Have you ever questioned why central banks around the world target CPI inflation at 2%?

One might think it would be complicated to explain the lengthy calculations, econometric-based research, and late-night debates that went on in order to come to this figure, but no.

Sadly the answer is someone licked their finger, stuck it in the air, and did what felt ‘right’.

Or, more specifically, we got to a 2% inflation target because the central bank of New Zealand did it and inflation came down so everyone jumped on the bandwagon.

After the high inflation of the 1970-the 80s and the high interest rates and recessions that came with the reduction of inflation, central banks around the globe started asking themselves ‘what should the rate of inflation be?’.

Formal Inflation Targeting

Some central bankers maintained that inflation should be zero.

After all, inflation is a decline in purchasing power of the very currency central banks print, but others argued that some inflation is healthy and warranted and gives central bank flexibility.

New Zealand passed the Reserve Bank Act of 1989 which aimed to grant the central bank political independence from the whims of politicians.

However, as part of the Bank Act, the central bank had to set a formal inflation level. If the inflation level was not respected then the head of the central bank could be dismissed.

The story goes that to counter existing public perception central bankers would be content with high inflation.

The finance minister said in an interview that the central bank was aiming for inflation of around zero to 1%.

This was later expanded to give the central bank more room for error and the inflation target of zero to two percent was implemented.

When the central bank of New Zealand implemented the target at the end of 1989 inflation was 7.6%. Also, by the end of 1991 consumer price inflation was 2%!

New Zealand Consumer Price Inflation Chart


The more central banks that adopted the inflation target the more the discussion about the ‘actual number’ became a topic of analytical and academic papers.

Many thought that a zero-inflation target should be the goal.

The reasoning a pound (or dollar) today should have the same purchasing power as a dollar a decade from now or even two or three decades from now.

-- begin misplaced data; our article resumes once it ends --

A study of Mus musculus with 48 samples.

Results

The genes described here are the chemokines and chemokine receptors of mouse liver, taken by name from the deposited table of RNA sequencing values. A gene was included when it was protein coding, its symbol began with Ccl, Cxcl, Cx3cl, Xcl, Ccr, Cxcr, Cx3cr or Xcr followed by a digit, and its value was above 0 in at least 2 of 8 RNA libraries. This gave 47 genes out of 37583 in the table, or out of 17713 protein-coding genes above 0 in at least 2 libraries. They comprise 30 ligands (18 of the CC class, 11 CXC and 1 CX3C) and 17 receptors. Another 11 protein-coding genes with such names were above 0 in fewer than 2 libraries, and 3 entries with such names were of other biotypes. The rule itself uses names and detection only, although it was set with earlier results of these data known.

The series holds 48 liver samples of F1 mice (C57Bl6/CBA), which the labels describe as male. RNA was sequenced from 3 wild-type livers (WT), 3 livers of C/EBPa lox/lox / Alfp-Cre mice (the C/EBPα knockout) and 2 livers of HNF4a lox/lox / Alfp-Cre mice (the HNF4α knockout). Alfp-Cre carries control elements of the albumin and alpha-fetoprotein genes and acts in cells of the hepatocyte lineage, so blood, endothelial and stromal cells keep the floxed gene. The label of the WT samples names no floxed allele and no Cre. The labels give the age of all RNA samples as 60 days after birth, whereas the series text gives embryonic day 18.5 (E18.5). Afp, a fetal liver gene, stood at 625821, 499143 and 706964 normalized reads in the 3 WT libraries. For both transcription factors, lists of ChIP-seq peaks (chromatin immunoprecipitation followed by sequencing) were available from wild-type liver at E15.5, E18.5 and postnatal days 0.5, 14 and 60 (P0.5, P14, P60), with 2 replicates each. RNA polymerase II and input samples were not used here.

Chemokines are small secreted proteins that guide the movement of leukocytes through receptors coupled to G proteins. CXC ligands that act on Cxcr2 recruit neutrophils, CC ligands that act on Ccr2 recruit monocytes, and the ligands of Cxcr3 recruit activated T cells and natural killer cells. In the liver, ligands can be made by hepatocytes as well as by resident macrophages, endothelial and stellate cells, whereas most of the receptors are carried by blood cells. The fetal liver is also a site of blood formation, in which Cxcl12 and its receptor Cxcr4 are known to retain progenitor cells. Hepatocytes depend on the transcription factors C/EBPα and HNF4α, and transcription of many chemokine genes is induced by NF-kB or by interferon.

Purchasing power erosion of fiat currency is a topic that gold and silver investors are acutely aware of and below is an example of a quick calculation for measuring that erosion. 

The rule of 72

This rule of 72 is a ‘rule of thumb’ to map out the effect of compounding. To use the rule divide 72 by the rate of compounding you wish to understand.

Let’s use 2 as an example. So, assuming 2% inflation we divide 72 by 2 and get 36. This means at 2% inflation the price of an item would double every 36 years.

Moreover, using the current UK CPI increase of 9% for April 2022 the price of an item would double in 8 years.

Said another way if consumer price inflation increases at the rate of 9% for the next 8 years, then a pound would only purchase half as many goods and services in 8 years as it does today.

With essential commodities such as wheat price increases of more than 20% – 72/20 is 3.6 years to double in price.

However, the rule of 72 can be used to the advantage of silver and gold investors.

If inflation is expected to continue at the rate of 9% then the price of gold and silver should also rise at least 9%, which means that the price of gold and silver will double in 8 years.

If investors expect that the rate of inflation is going to climb even higher say at 10% then gold and silver prices would double in 7.2 years.


As the rule of 72 shows that any inflation rate above zero means all fiat currencies’ purchasing power erodes. Shouldn’t central banks care about that fact?

Well, even former Federal Reserve Chairs Paul Volcker and Alan Greenspan both, argued that inflation should not be a factor in business decisions, or that it should be essentially zero. 

But others argued that this could be ‘dangerous’ and at the forefront of this argument was non-other than the current US Treasury secretary Janet Yellen (and Fed Chair from 2014-2018). 

In the mid-1990s Yellen made the argument that having a zero-inflation target ‘could paralyze the economy’ she noted that this could particularly be a problem during recessions.

Dr. Yellen is noted as saying

“To my mind, the most important argument for some low inflation rate is the ‘greasing-the-wheels argument’”.

Yellen’s argument was that inflation offers a cushion for employers in a downturn because during a downturn employers can hold employees’ pay steady.

Also, if there is inflation then the wages the employer pays in inflation-adjusted terms decline.

In other words, if a worker makes $20 per hour and inflation is rising 2% per year and the price of the goods the worker makes increases the 2% per year then it costs the employer less per item to keep that worker employed.

And some economists and officials are calling for higher inflation targets for central banks – say 3% to 4% to give central banks even more maneuverability.

Our guess is those calling for higher inflation targets aren’t the worker in the above example making $20 an hour while the price the company charges for the good increases.

But, instead, the ones who are tasked with making the country’s debt levels look ‘less’ apocalyptical.

Bottom line is that the 2% inflation target was born out of somewhat of a fluke.

There is not a great reason for this target besides it was what worked coming out of an era of much higher inflation.

Of course, that era was a whole different ball game to the one we have now.

But the sentiment of central bankers remains the same; to keep the jig up, they’ll do whatever it takes.

In short, they’re more than happy to use inflation to reduce their massive debt levels, destroying the value of our money in the process.